Weight-Loss Wars Rage Anew

NEW YORK As with every year, the week between Christmas and New Year’s is prime time for weight-loss brands. But this year, some are wondering if consumers will put their wallets before their stomachs.

“In this economy, consumers are not going to indulge in delusions of sticking to diets that require extended financial commitments,” said Denise Lee Yohn, who runs a brand consulting firm in San Diego. Instead, “we’ll see people opting out of expensive programs and looking for more do-it-yourself options.”

Marion Nestle, a nutrition and food studies professor at New York University, agreed: “Everyone is facing bleaker sales. The only things that are doing well are comfort foods — huge portions for [less] money.”

That hasn’t stopped the biggest players — Weight Watchers, Slim-Fast and NutriSystem — from rolling out new ads. But unlike other food marketers of late, only Slim-Fast is mentioning price, and even then only in its print efforts.

Slim-Fast’s print ad, beckon readers to “Kick some cravings, get some savings.” Additional copy reads, “Slim-Fast gives you free meal planning, online buddies and advice from registered dieticians — the things other weight loss plans charge up to $29.95 a month for.” Slim-Fast North America brand development director Virginia Blakewest said the value messaging appeals to dieters who are looking for “brands that can help them lose weight on their own terms with adaptable plans that fit in their lifestyle.”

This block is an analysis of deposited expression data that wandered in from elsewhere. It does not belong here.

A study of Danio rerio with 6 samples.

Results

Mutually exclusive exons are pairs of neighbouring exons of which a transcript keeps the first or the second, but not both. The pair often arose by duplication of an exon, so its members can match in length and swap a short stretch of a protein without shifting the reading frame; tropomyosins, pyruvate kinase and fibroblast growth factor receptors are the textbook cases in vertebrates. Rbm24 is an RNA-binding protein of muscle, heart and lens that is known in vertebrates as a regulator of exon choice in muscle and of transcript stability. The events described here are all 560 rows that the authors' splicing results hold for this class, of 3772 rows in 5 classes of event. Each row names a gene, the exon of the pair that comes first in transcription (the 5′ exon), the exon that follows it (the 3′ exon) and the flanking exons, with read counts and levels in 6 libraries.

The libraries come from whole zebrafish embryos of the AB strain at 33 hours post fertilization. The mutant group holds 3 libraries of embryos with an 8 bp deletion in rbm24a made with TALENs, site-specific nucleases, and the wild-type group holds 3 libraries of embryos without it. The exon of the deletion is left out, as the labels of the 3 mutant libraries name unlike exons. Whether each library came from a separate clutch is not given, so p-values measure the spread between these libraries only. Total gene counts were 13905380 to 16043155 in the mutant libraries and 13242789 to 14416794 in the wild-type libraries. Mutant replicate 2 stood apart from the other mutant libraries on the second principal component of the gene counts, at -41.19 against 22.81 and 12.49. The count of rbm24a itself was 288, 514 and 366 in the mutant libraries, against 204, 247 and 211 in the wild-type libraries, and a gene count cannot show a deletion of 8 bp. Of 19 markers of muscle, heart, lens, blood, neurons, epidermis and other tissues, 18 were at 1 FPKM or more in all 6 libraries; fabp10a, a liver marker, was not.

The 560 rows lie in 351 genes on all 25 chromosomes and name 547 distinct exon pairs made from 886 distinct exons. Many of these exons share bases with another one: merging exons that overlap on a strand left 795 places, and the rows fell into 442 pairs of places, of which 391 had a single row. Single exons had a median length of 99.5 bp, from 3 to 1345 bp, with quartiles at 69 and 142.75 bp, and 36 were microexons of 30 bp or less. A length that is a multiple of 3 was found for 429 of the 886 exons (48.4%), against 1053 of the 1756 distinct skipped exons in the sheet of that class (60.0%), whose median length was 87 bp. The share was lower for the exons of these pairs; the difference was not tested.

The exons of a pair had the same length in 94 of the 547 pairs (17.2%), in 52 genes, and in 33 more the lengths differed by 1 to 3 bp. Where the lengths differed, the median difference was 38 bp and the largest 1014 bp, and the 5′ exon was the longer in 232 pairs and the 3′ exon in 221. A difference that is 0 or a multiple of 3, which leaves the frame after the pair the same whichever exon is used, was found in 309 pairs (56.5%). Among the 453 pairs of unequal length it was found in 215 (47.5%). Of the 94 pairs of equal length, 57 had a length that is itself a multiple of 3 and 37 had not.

But price isn’t mentioned in Slim-Fast’s latest TV ads, which highlight HC4 optima shake — a blend of proteins, fibers and lipids. The campaign, via Ogilvy & Mather, plays up the protein shake as a power drink that keeps hunger away for four hours. One ad shows a woman walking past a bakery and fighting off cravings, as she kicks and breaks apart a giant flying doughnut

Similarly, Weight Watchers this week launched ads that promote its new “Momentum” program as a “fresh approach to weight loss.” Those who sign up for the program receive instructions on how to choose filling foods and avoid bad snacking. Ads, via McCann Erickson, New York, show a furry orange monster tempting a female dieter with doughnuts, pizza and a cake. “Show hungry who’s boss,” the ad concludes as the hunger monster fails to tempt the woman.
NutriSystem, meanwhile, is betting that dieters will be able to pony up $400 a month for a new deal with frozen-foods home-delivery provider Schwan’s. Initially, the program cost $300, although users can elect to stay with the current offering by not selecting the frozen-food offering from Schwan’s. The partnership goes into effect next month.